A federal judge who dismissed a challenge of the Bush administration's domestic spying program said the case against a convicted Al Qaeda supporter was built on statements he made to investigators, not evidence from warrantless eavesdropping.

The challenge by Iyman Faris, now serving a 20-year prison sentence, was among the first to seek evidence of warrantless eavesdropping by the National Security Agency, a practice that began after the terrorist attacks of Sept. 11, 2001.

Judge Leonie Brinkema of the Eastern division of the U.S. District Court in Virginia dismissed his challenge earlier this month; her ruling was unsealed Wednesday.

The case against Faris rested on statements he made to investigators, "not on statements Faris had made to third parties that might have been intercepted," Brinkema wrote.

Faris, a former Ohio truck driver, pleaded guilty in 2003 to a plot to destroy the Brooklyn Bridge. He has tried to withdraw his plea, saying he had no connection with Al Qaeda and his first attorney gave him bad advice about pleading guilty.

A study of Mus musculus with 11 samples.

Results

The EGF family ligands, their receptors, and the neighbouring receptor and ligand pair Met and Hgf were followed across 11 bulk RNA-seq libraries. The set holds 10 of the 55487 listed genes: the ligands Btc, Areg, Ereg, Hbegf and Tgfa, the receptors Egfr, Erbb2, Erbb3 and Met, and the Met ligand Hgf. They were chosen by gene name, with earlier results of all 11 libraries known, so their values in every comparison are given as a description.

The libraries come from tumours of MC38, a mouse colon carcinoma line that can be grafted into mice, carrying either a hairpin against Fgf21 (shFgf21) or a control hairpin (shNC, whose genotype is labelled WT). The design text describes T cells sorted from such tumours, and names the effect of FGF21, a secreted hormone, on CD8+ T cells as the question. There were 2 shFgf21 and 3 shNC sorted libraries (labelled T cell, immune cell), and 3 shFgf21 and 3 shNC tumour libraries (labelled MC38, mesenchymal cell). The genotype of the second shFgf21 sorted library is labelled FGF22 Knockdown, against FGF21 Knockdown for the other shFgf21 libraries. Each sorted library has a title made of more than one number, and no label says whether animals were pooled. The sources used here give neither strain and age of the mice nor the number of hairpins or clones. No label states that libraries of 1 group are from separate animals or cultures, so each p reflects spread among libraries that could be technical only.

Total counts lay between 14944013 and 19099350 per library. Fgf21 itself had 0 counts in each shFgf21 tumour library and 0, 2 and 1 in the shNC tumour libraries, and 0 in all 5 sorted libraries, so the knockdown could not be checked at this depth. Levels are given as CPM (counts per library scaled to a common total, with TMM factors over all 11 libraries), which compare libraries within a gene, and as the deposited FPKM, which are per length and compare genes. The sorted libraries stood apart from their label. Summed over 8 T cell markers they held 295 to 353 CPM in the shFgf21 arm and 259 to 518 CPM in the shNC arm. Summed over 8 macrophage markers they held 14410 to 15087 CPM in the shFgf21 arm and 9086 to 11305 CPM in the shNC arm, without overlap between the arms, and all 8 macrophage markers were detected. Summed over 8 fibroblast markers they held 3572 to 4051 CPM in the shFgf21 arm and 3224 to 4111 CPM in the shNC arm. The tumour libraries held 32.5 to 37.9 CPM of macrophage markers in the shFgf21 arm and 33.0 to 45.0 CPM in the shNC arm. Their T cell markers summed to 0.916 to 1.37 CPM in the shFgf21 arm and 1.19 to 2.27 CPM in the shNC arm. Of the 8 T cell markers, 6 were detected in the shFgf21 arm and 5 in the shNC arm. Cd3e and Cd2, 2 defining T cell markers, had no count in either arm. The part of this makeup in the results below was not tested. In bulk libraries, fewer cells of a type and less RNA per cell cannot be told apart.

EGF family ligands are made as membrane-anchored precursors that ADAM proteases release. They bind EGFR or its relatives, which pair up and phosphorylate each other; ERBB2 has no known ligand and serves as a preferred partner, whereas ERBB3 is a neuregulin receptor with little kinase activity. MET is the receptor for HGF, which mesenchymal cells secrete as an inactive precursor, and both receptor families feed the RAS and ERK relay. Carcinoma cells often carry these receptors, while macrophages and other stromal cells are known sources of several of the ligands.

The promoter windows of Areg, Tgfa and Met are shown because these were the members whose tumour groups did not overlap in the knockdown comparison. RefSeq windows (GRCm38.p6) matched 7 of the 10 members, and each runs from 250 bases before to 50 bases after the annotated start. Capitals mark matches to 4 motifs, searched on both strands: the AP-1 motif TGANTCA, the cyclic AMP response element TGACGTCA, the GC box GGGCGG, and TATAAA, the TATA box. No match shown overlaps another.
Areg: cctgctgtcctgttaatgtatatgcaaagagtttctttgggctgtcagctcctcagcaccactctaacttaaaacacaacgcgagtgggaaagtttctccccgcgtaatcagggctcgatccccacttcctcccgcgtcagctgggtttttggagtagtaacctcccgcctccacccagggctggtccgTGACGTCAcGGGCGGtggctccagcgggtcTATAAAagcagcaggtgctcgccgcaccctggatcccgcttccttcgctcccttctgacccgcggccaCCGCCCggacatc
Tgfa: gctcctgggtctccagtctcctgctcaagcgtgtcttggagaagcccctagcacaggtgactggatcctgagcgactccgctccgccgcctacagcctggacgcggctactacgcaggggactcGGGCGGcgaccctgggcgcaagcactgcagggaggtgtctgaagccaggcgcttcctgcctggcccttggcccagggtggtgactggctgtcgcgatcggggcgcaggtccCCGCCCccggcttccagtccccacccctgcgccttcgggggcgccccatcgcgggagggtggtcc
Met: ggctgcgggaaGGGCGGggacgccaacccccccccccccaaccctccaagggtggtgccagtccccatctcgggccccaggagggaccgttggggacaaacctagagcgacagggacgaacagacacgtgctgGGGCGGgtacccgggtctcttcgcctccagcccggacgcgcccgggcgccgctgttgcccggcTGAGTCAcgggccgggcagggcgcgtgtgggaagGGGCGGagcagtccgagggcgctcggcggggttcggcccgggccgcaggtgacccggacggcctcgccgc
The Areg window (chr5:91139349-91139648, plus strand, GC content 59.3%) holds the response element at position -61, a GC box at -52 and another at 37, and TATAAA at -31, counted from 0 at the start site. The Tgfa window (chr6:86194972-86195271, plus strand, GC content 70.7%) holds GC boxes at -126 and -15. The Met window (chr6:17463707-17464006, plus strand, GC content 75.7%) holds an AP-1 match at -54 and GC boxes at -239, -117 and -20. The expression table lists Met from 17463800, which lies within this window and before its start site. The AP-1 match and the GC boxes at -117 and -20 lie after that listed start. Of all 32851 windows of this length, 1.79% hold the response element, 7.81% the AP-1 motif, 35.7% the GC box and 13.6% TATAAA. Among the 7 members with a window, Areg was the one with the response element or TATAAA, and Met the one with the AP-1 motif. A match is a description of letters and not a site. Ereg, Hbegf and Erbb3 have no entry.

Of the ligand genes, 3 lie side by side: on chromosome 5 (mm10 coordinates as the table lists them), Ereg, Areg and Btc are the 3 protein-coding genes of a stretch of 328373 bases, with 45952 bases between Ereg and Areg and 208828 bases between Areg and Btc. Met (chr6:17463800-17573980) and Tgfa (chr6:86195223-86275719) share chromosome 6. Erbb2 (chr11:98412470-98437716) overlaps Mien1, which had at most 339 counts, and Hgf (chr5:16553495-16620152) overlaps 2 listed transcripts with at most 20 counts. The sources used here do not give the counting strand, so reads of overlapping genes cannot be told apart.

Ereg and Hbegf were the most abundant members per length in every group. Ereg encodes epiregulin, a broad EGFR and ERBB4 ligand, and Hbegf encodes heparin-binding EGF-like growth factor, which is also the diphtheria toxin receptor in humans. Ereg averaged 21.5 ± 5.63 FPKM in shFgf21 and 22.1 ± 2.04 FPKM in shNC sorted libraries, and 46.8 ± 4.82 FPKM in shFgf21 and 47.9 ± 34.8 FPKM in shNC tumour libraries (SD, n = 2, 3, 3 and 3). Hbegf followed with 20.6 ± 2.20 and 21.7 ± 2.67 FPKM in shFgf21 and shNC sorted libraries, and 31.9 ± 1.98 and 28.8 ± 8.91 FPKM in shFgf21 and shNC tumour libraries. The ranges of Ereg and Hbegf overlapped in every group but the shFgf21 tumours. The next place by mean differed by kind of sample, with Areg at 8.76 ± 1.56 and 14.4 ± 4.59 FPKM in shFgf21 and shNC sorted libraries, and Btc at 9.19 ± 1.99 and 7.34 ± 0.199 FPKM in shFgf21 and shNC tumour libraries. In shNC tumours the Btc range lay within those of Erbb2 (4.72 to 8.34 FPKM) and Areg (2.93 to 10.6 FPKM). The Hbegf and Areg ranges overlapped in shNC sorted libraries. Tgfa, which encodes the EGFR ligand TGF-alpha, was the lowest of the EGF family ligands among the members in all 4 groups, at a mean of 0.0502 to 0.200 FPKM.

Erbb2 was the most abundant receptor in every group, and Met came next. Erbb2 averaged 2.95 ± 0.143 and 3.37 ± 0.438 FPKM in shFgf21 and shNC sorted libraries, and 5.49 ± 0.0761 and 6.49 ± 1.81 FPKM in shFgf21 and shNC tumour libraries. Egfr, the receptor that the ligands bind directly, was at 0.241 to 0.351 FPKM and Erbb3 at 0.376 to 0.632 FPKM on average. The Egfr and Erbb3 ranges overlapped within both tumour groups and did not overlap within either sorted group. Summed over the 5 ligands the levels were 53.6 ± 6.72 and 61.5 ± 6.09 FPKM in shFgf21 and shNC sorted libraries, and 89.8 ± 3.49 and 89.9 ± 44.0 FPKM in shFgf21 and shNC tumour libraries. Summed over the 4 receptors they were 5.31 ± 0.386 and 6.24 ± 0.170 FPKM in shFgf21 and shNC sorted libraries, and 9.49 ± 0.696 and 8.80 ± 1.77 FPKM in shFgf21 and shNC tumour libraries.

Faris has argued that his terrorism conviction should be thrown out on the grounds that the government illegally spied on him. He said investigators improperly obtained evidence against him and that his trial lawyer was ineffective.

The government has said information from a court-ordered wiretap led them to Faris. But Brinkema said her review of government documents found no evidence that the "constitutional rights of Faris were infringed by the manner in which his name came to the attention of the FBI."

Faris' attorney David Smith said Thursday that his client wants to appeal the case as far as possible. Phone messages seeking comment were left with the U.S. attorney's office.